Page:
Prepare for your retirement or career transition now to prevent headaches later

One of the most troublesome aspects of being a physician—particularly one in a solo practice—is that of succession or transition. Thinking about who will take your place is like taking action on a will or a living trust. We know we have to do it, but it isn’t something to which we’re really looking forward.

But the simple truth is that sooner or later, you will face a time when you will no longer be practicing. The more you do now to plan for your departure, the more you stand to benefit when the time comes.

One well-known financial-planning firm estimates that waiting until retirement or near-retirement to plan for your exit from practice could cost you as much as 1 million dollars.

Transition is an ongoing process—that is, it starts the moment that you begin your practice or become a partner. If you intend to exit at retirement age, ideally you should start planning at around age 45.

If you are older than that now—even much older—don’t let that discourage you. There are still steps you can take to boost the value of your practice.

Think of your practice as an automobile. For many of us, maintaining that car to maximize its resale value years later is a factor in how we drive and care for the car. Likewise, the way you care for your practice could reap benefits for you years later when it is time to move on.

Forks In the Road
Transition can occur even before your retirement. As you no doubt know, life can throw us curves when we least expect them. Here are some other scenarios that could arise long before your retirement but could cause you to have to take your practice through a transition:

• An opportunity elsewhere. No one can predict what will happen or when, but it could very well be that there is another practice for sale somewhere—or the chance to join a group—and you just have to take advantage of the opportunity. Here, think of your ideal practice in, say, Tahiti. It may not even be the location that causes you to move; it could also be the types of patients and cases you will be seeing.

• A merger. More and more, solo and small-group practitioners are consolidating and leveraging the power of size. One day, you may find yourself overwhelmed by your competition and may be forced to make a move. Or, you could meet a group that is presenting you with a package that you just can’t resist.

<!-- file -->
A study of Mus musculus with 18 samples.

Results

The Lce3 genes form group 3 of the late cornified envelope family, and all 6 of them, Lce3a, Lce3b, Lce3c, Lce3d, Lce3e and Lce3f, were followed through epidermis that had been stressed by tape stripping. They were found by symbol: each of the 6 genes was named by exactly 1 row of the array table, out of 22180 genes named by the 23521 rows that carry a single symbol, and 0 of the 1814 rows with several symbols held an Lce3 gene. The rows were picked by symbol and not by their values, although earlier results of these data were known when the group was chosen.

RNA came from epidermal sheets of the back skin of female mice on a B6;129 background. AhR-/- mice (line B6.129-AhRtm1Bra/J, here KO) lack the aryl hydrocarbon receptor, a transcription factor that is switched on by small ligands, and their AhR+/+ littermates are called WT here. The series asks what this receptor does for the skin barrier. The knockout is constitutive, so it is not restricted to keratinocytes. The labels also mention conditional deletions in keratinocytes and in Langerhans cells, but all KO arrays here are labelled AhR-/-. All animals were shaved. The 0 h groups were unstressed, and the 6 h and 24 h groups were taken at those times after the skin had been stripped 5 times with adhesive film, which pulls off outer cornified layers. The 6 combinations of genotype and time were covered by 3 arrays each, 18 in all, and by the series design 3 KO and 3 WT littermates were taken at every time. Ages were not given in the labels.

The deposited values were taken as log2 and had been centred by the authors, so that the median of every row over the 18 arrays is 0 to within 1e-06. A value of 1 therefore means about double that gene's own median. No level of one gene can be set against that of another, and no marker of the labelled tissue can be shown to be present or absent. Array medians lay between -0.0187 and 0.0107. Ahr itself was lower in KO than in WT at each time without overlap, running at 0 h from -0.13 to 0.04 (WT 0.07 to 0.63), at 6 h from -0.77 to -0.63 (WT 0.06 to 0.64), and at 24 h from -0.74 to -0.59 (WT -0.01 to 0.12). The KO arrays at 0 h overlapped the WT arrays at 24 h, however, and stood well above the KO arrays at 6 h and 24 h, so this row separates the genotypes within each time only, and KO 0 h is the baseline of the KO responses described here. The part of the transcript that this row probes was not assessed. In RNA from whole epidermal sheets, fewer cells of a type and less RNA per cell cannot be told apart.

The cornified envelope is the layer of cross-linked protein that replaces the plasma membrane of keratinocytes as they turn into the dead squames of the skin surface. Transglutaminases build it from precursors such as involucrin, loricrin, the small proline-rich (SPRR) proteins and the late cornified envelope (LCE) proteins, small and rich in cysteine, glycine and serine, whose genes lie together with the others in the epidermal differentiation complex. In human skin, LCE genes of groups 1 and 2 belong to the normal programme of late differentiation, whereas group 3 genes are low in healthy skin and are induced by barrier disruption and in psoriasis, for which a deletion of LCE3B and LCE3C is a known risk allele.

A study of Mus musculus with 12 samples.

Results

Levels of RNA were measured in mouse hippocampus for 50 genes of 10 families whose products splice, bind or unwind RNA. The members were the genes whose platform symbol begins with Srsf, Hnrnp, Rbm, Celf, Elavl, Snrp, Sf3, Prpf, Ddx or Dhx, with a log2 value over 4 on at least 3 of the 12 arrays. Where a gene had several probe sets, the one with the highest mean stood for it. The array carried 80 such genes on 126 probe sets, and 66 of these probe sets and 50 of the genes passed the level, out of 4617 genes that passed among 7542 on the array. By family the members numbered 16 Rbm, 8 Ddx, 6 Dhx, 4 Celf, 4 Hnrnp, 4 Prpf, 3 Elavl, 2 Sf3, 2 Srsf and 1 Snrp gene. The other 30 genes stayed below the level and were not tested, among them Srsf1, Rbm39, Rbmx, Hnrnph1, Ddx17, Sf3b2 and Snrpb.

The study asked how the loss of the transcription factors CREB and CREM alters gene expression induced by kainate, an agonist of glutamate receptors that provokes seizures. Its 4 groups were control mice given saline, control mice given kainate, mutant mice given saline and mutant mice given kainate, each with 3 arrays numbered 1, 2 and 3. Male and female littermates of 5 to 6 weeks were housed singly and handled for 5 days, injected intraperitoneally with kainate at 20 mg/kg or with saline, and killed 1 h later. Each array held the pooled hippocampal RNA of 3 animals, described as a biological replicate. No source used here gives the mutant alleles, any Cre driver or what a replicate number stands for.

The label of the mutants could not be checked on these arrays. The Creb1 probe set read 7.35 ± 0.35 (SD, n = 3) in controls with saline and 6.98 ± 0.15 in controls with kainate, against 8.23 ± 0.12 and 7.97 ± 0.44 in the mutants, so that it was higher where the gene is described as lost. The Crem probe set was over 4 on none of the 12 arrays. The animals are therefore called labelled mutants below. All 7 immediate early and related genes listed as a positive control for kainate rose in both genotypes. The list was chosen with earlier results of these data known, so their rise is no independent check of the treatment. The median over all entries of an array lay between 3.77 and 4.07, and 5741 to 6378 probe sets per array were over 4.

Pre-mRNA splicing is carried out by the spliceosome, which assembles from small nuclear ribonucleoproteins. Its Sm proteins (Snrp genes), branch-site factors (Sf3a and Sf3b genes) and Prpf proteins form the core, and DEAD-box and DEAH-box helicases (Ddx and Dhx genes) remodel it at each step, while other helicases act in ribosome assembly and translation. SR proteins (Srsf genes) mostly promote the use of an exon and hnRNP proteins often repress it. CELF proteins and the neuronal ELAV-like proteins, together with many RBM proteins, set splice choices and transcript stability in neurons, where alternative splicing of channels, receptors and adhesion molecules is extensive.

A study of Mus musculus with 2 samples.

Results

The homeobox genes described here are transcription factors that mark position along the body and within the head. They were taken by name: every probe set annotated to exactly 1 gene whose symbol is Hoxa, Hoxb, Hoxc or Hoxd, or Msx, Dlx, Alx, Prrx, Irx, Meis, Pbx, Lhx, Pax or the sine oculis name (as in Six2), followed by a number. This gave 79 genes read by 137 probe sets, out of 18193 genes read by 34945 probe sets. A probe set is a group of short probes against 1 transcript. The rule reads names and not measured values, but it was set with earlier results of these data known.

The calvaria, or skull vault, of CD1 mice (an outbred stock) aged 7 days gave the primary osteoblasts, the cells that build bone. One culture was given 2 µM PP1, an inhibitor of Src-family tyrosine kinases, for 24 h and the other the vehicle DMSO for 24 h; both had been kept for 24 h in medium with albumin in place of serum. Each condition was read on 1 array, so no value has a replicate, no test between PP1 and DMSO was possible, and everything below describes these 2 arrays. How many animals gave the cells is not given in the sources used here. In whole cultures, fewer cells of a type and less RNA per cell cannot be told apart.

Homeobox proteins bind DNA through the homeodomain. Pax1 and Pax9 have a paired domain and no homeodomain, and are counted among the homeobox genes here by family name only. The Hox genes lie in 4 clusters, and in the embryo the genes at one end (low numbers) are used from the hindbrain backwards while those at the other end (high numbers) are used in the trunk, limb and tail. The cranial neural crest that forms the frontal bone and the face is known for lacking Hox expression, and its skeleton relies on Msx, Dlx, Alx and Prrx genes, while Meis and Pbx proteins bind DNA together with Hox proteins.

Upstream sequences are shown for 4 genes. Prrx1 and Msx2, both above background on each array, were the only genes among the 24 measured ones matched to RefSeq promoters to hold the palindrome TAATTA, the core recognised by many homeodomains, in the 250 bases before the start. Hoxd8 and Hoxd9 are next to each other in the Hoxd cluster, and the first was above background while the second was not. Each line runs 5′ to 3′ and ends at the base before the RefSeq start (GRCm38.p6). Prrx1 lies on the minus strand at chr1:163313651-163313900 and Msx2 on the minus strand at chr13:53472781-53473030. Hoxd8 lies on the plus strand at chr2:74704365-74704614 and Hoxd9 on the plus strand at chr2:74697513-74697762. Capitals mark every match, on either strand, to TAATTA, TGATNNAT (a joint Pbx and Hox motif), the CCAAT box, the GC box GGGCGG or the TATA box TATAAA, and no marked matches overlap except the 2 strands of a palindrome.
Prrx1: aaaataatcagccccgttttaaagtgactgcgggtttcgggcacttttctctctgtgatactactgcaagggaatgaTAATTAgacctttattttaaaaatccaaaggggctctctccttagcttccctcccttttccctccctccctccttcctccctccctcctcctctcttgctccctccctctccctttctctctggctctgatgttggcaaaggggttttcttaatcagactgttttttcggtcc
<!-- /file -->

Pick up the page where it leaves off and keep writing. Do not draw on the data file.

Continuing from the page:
• Illness or death. We do not like to think about such things, but the practice graveyard is filled with practices that—upon a physician’s serious illness or death—were sold or transferred for far less than their market value due to poor planning.

• The chance to live your dream. Many physicians reach a point at which they reach their professional and financial fulfillment and wish to embrace another passion. For some, it may be teaching. For others, it may be research.

• Partner issues. Another subject we cannot foresee and don’t care to entertain is that a falling-out with a partner or partners will force a transition.

Protection and Growth
So what can you do now to help ensure a worthwhile transition? You can start now by protecting what you’ve built so far. This is a defensive posture that helps you maintain the status quo, but it cannot be counted on for viable growth.

In a protection mode, you play it safe. There is very little risk-taking, either with advertising and marketing or with the equipment you buy or lease. The latest figures from the American Academy of Facial Plastic and Reconstructive Surgery show that, for example, 51% of facial patients have more than one procedure per year. So by systematically maintaining communication with your existing patient base, you will protect your current business.

A growth mode could help you increase the value of your practice, but there is almost always a price to pay. That price often takes the form of more of your time in matters with which you lack enough experience and are not particularly fond of involving yourself. Growing your practice for transition is important, but it is also best left to those with specific areas of expertise—whether it is practice management or practice marketing.

The growth mode also allows for the entrance of an associate with a path to partnership followed by a step to ownership. If your practice were real estate, this arrangement would be likened to a lease with an option to buy.

In either scenario, money management is key. Again, that is best left to the experts. Just because you bought Starbucks stock at $11 per share in 1989 or own a rental property that is a gold mine does not mean that you are the best person to help maximize the value of your practice. You must be objective.

Very few practices, if any, have no value whatsoever. The good news for you is that the amount of that value and the pace at which you increase it are almost entirely in your control. That control is one of the long-term benefits of being both an entrepreneur and a physician.

So how do you find the best advisers for your own transition? The same way your patients find the best plastic surgeon: Ask around. Become an informed consumer and know what questions to ask.

And who knows? If you work it right, you could be practicing in Tahiti before you know it.

Steve Smith is vice president of marketing for Practice Builders, Santa Ana, Calif.